Overcome Your Duggar Fatigue and Keep Boosting That Signal

Jim Bob & Michelle DuggarAre you sick and tired of hearing about the Josh Duggar child molestation scandal yet? Me too. That's probably why I've only written so little about it here. "Duggar fatigue" has set in to the point where I find myself skipping over stories about it. I cannot help wondering what more important stories are being missed because of our obsession with celebrity culture. But then it hit me that I might be completely wrong about this. Perhaps the Duggar story is precisely the sort of thing with which we should be bombarding the metaphorical airwaves. Maybe people need to hear more about it rather than less.

What lies at the heart of the Duggar story? I think an argument could be made that the answer involves the hypocrisy of evangelical fundamentalist Christianity and the "family values" about which they are so fond of telling us. Again and again, evangelical fundamentalist Christians have been held up to us as the model of virtue. The so-called "Christian lifestyle," with all the beliefs, values, and rituals it entails, is supposed to save the U.S. from all social ills, ills caused by the twin evils of secularism and progressive politics.

With the Duggar story, this already shaky facade came crashing down with a sickening thud. Could it be that this, along with the widespread anti-LGBT bigotry of evangelical fundamentalist Christians, is the sort of thing that has been leading younger people to turn their backs on Christianity? And if so, I wonder if stories of such extreme hypocrisy are those we should be doing our part to boost.

In a recent article (update: link no longer active) for the Ames Tribune, Hector Avalos, a professor of religious studies at Iowa State University, wrote:
On social media, scholars of religion are debating whether this scandal is simply inciting our voyeurism or whether the Duggars reflect something more important about the state of American religion.
There does seem to be a voyeuristic aspect to this. It is difficult to imagine that the story would have become anything like what it became without the reality TV show angle. But that does not necessarily mean that it cannot also be reflecting something far more important about the state of Christianity in the U.S.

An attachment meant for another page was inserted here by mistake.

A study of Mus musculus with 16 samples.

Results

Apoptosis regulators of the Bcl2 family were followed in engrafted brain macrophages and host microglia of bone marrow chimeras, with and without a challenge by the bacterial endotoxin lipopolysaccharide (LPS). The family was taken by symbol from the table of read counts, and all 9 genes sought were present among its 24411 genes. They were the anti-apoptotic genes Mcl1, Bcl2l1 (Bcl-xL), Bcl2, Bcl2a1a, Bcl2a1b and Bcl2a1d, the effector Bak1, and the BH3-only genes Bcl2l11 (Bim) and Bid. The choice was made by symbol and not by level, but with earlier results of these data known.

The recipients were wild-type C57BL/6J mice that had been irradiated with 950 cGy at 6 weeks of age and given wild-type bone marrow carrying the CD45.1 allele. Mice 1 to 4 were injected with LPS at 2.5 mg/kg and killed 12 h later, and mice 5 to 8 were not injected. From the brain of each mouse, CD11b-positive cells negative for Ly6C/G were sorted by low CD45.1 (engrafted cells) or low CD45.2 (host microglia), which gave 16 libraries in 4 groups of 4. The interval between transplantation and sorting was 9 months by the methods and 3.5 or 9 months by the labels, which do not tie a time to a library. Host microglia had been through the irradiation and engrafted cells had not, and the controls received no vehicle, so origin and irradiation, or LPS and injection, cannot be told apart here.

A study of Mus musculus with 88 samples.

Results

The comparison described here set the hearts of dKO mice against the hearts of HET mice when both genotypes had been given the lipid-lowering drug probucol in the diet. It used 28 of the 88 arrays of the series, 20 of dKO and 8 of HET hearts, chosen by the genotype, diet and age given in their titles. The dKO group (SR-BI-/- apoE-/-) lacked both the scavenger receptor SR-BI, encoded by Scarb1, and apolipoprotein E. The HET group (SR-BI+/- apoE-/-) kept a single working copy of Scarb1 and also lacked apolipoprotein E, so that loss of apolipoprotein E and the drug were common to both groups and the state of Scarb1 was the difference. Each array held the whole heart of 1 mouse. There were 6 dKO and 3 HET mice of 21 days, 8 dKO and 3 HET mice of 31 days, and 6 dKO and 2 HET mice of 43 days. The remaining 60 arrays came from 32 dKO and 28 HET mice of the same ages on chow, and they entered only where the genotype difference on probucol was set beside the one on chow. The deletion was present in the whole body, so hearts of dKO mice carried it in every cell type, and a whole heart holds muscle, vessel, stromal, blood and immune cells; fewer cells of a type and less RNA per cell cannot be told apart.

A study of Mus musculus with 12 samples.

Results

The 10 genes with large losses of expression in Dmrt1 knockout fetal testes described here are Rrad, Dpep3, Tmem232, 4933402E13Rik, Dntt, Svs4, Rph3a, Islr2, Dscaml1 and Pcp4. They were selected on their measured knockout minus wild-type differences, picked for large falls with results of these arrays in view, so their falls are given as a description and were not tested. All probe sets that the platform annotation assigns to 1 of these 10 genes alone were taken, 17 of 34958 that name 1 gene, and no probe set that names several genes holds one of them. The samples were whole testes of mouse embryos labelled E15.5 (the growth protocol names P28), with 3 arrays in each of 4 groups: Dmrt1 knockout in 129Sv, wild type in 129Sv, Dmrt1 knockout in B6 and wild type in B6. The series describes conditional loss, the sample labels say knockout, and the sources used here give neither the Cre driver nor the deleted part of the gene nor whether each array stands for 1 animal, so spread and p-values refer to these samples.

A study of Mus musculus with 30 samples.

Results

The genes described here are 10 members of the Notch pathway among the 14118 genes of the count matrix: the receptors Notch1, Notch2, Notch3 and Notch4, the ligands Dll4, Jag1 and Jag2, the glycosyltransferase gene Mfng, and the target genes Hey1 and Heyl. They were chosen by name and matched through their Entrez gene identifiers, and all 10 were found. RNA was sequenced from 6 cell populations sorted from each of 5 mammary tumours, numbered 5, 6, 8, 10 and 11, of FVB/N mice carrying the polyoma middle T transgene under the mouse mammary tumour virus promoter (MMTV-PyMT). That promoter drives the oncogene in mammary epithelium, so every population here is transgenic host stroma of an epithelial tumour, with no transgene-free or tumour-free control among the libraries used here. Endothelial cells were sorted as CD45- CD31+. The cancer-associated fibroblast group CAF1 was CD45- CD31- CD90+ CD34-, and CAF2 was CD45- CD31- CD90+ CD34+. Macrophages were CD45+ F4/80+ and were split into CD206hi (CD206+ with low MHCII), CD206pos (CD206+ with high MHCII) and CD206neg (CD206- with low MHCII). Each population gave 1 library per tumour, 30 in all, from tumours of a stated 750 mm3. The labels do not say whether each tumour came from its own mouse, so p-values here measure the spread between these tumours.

Avalos goes on to quote a Christian blog, The Wartburg Watch, as saying:
(W)e believe Christianity is in decline because of the serious problems we discuss here — arrogant church leadership, refusal to deal with child sex abuse in the church, patriarchal attitudes, marginalization of over half of church attendees (women)...
So there are at least some Christians out there who see a connection between hypocrisy and the ground Christianity appears to be losing. Not only is that encouraging, but it is another data point suggesting that stories like this can have an impact.

Avalos also notes that respondents to the Millennials Values Survey of 2012 were asked about their reactions to contemporary Christianity and that 58% agreed that "hypocritical" was an appropriate description. Just think of all the reasons this could be the case. While many may be local experiences (i.e., an individual's direct experiences with hypocrisy at the church he or she attended), I have to imagine that the broader context matters too. For example, I'd have a hard time believing that the endless parade of clergy sexual abuse scandals from the Catholic church, combined with their efforts to conceal crimes and startling lack of empathy for their victims, have not had an impact on the degree to which Christianity is perceived as hypocritical. Avalos concludes with this:
In this context, the Duggars are not just the creation of reality television; they may truly represent the hypocritical reality of American Christian lifestyles that many Millennials are fleeing.
If he's right, boosting the signal of news about Christian hypocrisy could be a viable form of atheist activism for those of us wanting to see the decline of Christian influence in the U.S. I've been slow to embrace this, but most other atheist bloggers have not. I'm starting to think they've had it right all along.